PDA

View Full Version : What's The Word For A Silver Platter That Goes Under Your Dinner Plate?


Hal Briston
04-12-2009, 03:58 PM
Like the title says...

BMax
04-12-2009, 04:08 PM
My mom calls it a "Charger".

I thought that was a dodge product, but what do I know?

Hal Briston
04-12-2009, 04:08 PM
More info: One word, ends in "er".

Hal Briston
04-12-2009, 04:16 PM
Whoops...missed your response, BMax -- yup, that's the answer we were looking for. Thanks much!

Reply
04-12-2009, 04:20 PM
"Unnecesnobby."

Beware of Doug
04-12-2009, 06:54 PM
I think charger came from the practice of heating them to keep the plate warm.

The same thing, when made of wood and put on top of the plate, is a trencher. They were once made of old stale bread.

A fellow with an outsize appetite - the kind who'd eat all his meat and the week-old bread for the drippings - is called a trencherman.

Exapno Mapcase
04-12-2009, 07:21 PM
I'd always understood that the charger was a decorative plate that was taken away at the start of a meal. You didn't get the charger dirty with food. Never heard of a silver charger, either.

This site (http://www.wisegeek.com/what-is-a-decorative-charger-plate.htm) says that there are many traditions and that the charger can remain during portions of the meal, and some hosts do leave it on the table through the entrée. No mention of silver.

News to me, but then again I don't go to many dinners with people who own chargers.

Exapno Mapcase
04-12-2009, 07:29 PM
I think charger came from the practice of heating them to keep the plate warm.

The same thing, when made of wood and put on top of the plate, is a trencher. They were once made of old stale bread.

A fellow with an outsize appetite - the kind who'd eat all his meat and the week-old bread for the drippings - is called a trencherman.

This seemed wrong to me too, and as far as I can tell is wrong.

http://dictionary.reference.com/browse/trencher
trencher

c.1308, "wooden platter on which to cut meat," from Anglo-Fr. trenchour, from O.N.Fr. trencheor "a trencher," lit. "a cutting place," from O.Fr. trenchier "to cut" (see trench).
Online Etymology Dictionary, © 2001 Douglas Harper

trencher

originally a thick slice of bread, used as a primitive form of plate for eating and for slicing meat (hence its derivation from "trancher"-to cut, or carve), but by the 14th century a square or circular wooden plate of rough workmanship. There was usually a small cavity for salt in the rim of the wooden plate, and sometimes the main section was so formed that it could be turned over and the other side used for a second course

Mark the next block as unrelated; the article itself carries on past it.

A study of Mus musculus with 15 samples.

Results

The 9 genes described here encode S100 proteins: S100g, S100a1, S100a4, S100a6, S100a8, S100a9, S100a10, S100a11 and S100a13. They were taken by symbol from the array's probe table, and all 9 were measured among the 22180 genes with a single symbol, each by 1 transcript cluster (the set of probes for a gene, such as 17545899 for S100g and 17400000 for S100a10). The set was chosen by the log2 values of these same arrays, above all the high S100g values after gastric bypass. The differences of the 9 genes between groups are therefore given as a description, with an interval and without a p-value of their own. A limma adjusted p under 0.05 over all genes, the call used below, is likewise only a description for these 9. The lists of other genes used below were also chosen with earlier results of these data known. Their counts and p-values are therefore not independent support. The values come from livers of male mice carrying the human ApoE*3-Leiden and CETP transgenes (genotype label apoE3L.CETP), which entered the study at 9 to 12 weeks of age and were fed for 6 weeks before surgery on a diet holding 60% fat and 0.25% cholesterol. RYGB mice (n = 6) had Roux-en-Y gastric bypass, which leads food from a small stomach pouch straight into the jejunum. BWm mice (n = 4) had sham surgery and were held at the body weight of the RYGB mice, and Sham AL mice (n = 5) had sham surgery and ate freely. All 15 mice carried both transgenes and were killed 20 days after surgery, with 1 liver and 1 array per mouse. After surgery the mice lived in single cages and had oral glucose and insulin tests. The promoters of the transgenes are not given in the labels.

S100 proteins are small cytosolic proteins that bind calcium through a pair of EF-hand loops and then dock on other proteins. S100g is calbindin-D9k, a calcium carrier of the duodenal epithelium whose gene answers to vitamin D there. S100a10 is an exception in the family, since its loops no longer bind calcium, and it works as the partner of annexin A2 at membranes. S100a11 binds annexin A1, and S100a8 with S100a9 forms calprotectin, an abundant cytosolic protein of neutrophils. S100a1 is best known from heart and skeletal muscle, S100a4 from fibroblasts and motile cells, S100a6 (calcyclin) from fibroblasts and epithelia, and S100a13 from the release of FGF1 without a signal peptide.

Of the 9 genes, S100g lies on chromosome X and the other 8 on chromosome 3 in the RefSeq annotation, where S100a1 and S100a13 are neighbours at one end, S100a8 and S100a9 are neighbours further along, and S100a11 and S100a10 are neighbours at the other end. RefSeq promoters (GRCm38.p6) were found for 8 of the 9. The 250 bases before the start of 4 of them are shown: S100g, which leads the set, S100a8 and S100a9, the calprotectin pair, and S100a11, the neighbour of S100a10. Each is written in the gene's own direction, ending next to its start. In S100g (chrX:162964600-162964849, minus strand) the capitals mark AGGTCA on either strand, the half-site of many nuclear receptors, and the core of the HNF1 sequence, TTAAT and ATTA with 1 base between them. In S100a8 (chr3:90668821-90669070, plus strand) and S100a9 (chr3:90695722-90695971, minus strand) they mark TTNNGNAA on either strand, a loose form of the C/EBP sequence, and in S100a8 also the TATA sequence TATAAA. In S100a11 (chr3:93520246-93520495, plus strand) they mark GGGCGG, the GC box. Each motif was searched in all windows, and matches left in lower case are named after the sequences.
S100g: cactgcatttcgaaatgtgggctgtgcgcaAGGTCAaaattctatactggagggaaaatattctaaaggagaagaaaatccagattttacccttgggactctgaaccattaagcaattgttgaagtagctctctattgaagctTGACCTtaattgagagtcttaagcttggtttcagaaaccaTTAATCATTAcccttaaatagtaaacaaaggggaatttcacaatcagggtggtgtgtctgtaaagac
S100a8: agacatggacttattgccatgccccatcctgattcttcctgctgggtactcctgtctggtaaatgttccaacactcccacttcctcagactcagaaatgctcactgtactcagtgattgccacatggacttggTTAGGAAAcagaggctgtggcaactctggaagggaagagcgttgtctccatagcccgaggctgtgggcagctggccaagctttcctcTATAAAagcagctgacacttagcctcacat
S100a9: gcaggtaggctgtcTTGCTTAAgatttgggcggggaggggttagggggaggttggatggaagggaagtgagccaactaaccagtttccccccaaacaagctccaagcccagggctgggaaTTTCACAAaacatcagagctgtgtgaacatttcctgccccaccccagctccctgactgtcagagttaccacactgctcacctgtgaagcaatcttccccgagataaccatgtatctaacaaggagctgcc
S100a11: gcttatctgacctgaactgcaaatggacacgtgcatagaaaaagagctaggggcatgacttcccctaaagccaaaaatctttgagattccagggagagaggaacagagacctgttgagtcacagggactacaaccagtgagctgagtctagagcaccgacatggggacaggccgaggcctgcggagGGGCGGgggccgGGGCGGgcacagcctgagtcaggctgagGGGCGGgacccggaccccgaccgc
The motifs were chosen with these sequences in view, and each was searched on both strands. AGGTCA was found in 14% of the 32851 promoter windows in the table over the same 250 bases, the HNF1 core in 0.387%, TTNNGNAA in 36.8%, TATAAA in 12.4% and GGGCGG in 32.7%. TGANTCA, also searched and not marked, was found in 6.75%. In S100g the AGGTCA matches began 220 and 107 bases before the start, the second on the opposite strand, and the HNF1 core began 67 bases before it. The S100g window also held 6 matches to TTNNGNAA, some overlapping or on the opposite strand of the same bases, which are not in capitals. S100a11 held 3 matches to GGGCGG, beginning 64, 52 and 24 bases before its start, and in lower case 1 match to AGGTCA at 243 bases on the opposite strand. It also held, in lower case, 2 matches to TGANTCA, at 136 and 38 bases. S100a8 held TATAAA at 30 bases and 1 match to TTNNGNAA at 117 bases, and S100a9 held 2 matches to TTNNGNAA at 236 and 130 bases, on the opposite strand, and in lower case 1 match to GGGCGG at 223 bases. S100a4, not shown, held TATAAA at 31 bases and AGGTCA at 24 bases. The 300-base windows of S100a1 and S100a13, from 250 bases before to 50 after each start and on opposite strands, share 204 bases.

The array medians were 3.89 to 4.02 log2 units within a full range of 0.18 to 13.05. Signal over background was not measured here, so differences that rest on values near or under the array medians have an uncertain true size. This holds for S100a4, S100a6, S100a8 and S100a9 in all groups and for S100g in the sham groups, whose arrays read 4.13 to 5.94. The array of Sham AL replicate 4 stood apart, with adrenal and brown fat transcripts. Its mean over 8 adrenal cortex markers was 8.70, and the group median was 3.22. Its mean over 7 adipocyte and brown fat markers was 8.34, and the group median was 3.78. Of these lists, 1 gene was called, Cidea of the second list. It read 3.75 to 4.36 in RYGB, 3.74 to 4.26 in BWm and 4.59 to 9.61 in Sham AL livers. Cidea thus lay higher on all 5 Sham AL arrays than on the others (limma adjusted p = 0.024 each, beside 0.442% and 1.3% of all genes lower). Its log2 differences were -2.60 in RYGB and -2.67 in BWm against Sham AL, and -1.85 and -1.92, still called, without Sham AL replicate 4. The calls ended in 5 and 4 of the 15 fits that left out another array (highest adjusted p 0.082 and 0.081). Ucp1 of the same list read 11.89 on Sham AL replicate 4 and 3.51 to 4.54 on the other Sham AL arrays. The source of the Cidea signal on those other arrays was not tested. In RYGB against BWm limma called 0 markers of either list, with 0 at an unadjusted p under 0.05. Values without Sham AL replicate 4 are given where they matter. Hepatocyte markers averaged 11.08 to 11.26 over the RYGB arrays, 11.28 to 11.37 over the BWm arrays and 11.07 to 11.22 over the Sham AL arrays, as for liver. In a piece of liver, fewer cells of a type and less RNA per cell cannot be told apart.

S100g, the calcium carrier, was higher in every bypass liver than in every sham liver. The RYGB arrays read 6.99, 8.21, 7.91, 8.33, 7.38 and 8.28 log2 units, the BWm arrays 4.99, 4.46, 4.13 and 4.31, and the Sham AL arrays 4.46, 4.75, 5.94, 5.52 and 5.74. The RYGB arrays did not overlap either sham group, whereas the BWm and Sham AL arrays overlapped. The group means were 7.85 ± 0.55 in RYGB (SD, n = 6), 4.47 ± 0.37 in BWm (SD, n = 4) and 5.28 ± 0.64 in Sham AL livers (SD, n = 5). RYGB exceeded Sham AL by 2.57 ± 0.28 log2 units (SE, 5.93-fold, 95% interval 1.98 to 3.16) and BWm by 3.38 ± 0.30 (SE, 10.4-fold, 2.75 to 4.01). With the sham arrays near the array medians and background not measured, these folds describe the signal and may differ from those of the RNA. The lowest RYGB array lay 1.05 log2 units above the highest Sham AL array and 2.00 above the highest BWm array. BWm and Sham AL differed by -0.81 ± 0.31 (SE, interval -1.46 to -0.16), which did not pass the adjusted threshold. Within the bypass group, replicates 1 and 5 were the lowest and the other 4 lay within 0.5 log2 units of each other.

No mention of a trencher ever being on top of food.

DSYoungEsq
04-12-2009, 07:32 PM
This seemed wrong to me too, and as far as I can tell is wrong.

http://dictionary.reference.com/browse/trencher

No mention of a trencher ever being on top of food.

And in what part of the post to which you refer did the poster say the trencher was on top of the food???

Reply
04-12-2009, 07:35 PM
And in what part of the post to which you refer did the poster say the trencher was on top of the food???

The same thing, when made of wood and put on top of the plate, is a trencher. They were once made of old stale bread.

Unless he meant on top of the the silver platter, not the dinner plate?

Beware of Doug
04-12-2009, 07:43 PM
That's it. Of course, these things are never clear cut. :D

Exapno Mapcase
04-12-2009, 08:36 PM
Now I'm very confused.

I know of no evidence that chargers were ever used as warmers. They seem always to have been decorative.

Nor were trenchers ever warmers. They were functional surfaces for slicing and chopping.

You would never combine a trencher and a charger.

I can't picture a situation on which you would put a trencher on top of anything outside a table top. I just don't know what you meant by that and your explanation doesn't help. So why would you put a wooden trencher on top of a plate? What does that mean?

Beware of Doug
04-12-2009, 09:56 PM
I've obviously been grievously misled. I apologize if I may have passed that state of affairs on to you or anyone else.

Throw me a crust, an ort, anything and I shall be on my way and grateful for it.